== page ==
NSSA extends pensioneers grants claim


THE new year has brought with it for those who failed to claim in time their National Pension scheme retirement grant, survivor’s grant or invalidity grant an opportunity to submit or resubmit their claim.

Grants are payable to contributors to the scheme or their beneficiaries when they become entitled to a National Pension scheme benefit but contributions have not been made for long enough to entitle them to a pension. Normally grants must be claimed within five years of the claimant becoming eligible for the grant.

However, National Social Security Authority (NSSA) is allowing those who failed to submit their claims within this period to submit their claim during the course of 2014.

Those who already submitted a grant claim in the past that was rejected on the grounds that more than five years had elapsed since they became eligible for it can re-submit their grant application during the course of 2014. It is important to note that the claims must be lodged this year.

No claim that is submitted more than five years after the person claiming it became eligible for it will be considered after the end of this year.

It is also important to note that those who submitted grant claims in the past that were rejected because they were submitted late must resubmit the claim or make a fresh claim.

There will be no automatic review of those claims.

It is up to the person whose claim was rejected to make a new claim or re-submit the old one. Only those that were rejected due to late submission will be reconsidered.

The gazetted regulations governing claims made under the Pensions and Other Benefits scheme set a limit of five years within which grants can be claimed.

However, as public awareness has increased concerning the benefits that can be claimed under this scheme, it has become evident that many people failed to claim the grant they were entitled to simply because they were unaware either that they were eligible for a grant or that there was a five-year limit for lodging a grant claim.

As a result NSSA decided that, since it was purely through ignorance that many people had missed the opportunity to claim a grant that they would have been entitled to had they submitted their claim within the statutory five years, it would like to give them a second chance to submit their claim.

Since it was unable to do that in terms of the gazetted regulations governing the operation of the Pensions and Other Benefits scheme, it had to ask the Minister of Public Service, Labour and Social Welfare to gazette regulations to override the original regulations.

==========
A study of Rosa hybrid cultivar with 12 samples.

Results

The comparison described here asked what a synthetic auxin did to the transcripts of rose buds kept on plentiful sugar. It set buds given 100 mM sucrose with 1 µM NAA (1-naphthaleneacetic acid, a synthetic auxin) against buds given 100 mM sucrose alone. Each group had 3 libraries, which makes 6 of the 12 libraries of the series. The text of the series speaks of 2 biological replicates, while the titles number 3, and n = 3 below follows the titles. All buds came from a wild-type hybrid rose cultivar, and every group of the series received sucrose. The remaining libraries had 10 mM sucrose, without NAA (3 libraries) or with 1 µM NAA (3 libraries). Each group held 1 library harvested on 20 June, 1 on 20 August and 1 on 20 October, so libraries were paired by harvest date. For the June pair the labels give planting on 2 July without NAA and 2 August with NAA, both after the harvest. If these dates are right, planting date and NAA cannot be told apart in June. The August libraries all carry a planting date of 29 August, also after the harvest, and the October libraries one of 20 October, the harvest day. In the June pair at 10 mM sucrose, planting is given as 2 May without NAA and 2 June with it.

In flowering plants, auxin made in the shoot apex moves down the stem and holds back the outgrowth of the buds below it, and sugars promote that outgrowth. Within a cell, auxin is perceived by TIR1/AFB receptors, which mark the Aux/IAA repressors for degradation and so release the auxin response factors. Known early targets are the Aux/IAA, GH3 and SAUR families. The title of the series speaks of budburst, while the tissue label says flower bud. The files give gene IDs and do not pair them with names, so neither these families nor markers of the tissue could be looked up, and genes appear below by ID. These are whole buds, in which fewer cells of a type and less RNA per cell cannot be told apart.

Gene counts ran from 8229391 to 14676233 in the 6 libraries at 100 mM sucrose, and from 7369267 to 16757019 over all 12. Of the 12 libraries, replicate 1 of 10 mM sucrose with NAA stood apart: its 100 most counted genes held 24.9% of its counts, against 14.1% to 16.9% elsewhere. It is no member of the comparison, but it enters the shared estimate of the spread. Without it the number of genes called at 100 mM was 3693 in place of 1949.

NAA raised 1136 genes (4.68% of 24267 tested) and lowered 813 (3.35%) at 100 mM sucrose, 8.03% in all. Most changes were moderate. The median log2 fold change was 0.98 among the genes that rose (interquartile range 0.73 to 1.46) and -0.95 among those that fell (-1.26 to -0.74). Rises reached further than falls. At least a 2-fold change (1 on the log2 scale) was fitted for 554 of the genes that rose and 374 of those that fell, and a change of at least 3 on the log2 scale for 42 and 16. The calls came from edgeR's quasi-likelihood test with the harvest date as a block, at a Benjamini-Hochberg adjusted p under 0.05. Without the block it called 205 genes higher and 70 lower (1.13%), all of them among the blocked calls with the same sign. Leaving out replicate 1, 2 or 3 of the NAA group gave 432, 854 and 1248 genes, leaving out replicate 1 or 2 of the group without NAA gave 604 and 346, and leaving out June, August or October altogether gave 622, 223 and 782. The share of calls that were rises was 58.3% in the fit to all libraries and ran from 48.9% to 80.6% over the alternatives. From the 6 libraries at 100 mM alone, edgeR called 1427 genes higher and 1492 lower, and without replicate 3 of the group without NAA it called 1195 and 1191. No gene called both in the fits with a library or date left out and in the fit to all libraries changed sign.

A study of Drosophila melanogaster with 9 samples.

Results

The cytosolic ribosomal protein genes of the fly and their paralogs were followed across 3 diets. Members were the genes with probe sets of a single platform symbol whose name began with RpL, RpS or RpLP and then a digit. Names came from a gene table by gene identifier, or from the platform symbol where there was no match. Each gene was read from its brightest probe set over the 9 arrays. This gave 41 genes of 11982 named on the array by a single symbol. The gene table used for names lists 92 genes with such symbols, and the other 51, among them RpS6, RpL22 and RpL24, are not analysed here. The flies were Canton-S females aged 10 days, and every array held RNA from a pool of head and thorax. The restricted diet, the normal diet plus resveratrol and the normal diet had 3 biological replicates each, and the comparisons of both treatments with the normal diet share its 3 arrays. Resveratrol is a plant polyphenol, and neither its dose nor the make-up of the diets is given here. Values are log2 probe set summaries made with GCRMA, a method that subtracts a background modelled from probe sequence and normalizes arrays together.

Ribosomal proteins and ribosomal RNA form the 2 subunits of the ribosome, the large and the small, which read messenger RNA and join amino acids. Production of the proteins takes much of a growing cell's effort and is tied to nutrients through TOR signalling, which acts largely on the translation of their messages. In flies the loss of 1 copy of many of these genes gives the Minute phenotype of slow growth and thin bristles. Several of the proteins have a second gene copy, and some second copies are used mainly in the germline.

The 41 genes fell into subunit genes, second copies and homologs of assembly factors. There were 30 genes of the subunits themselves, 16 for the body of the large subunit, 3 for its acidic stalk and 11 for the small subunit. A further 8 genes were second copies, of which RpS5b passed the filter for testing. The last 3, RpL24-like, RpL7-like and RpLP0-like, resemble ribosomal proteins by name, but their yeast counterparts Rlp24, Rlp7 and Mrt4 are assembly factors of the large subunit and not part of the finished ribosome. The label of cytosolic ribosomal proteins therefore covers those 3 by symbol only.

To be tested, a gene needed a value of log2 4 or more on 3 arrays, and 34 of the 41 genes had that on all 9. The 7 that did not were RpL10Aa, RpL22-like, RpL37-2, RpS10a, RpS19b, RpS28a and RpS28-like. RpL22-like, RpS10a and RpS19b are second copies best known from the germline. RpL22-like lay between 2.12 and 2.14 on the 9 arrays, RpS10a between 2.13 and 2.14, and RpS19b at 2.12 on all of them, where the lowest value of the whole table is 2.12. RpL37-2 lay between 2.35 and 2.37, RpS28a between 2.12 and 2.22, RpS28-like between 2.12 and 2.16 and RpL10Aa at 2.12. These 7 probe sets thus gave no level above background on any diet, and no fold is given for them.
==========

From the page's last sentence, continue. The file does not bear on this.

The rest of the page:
The result was the publication in the Government Gazette of October 4 last year of Statutory Instrument 144 of 2013, which suspends for one year from January 1, 2014 the part of the original regulations that limits to five years the period within which a Pensions and Other Benefits Scheme grant can be claimed.

What that means is that between January 1 this year and December 31 this year grants can be claimed by those who at some point were entitled to them but failed to claim them within the normal five year period.

After the end of this year the maximum five year period for claims will be applicable once more.

The minimum contribution period for a retirement pension or survivor’s pension is 120 months. Where contributions were made for less than that but not less than 12 months, a grant is payable.

Grants are single lump sum payments. They are only paid to those who do not qualify for a pension.

The minimum contribution period for an invalidity pension is 12 months. A person who has contributed for between six months and 12 months and who becomes eligible for an invalidity benefit receives a grant instead of a pension.

To be eligible for an invalidity benefit a contributor must be below the age of 60 and have become permanently incapable of work as a result of his or her physical or mental health.

To be eligible for a retirement benefit a contributor must be 65, whether retired or not, or over the age of 60 and retired or, if he has worked in an arduous occupation such as farming, quarrying, heavy truck driving and some mining and forestry jobs for at least seven of the previous 10 years, aged 55 and no longer working.

To be eligible for a survivor’s benefit, a person should be the spouse, child or other previously named dependent relative of a contributor or pensioner who has died.

Those likely to benefit most from the special concession allowing late claims to be submitted this year are those whose deceased husbands, wives or parents were contributors to the National Pension Scheme operated by NSSA and who passed away more than five years ago without any relative subsequently claiming within five years of their death the survivor’s grant to which they were entitled. The opportunity being offered them to submit their claim this year or, if they already submitted a claim that was rejected because it was submitted late, to resubmit their claim only exists for this year and is unlikely to be repeated.

lTalking Social Security is published weekly by the National Social Security Authority as a public service. There is also a weekly radio programme, PaMhepo neNssa/Emoyeni leNSSA, discussing social security issues at 6:50pm every Thursday on Radio Zimbabwe and every Friday on National FM. There is another social security programme on Star FM on Wednesdays at 5:30 pm.

Readers can e-mail issues they would like dealt with in this column to mail@mhpr.co.zw or text them to 0772 307 913. Those with individual queries should contact their local NSSA office or telephone NSSA on (04) 706517-8 or 706523-5.


  1. Thank you NSSA for your communication with your clients.
    Keep up the good standard but you should also send award of
    pension letters so that one would be aware of payments made.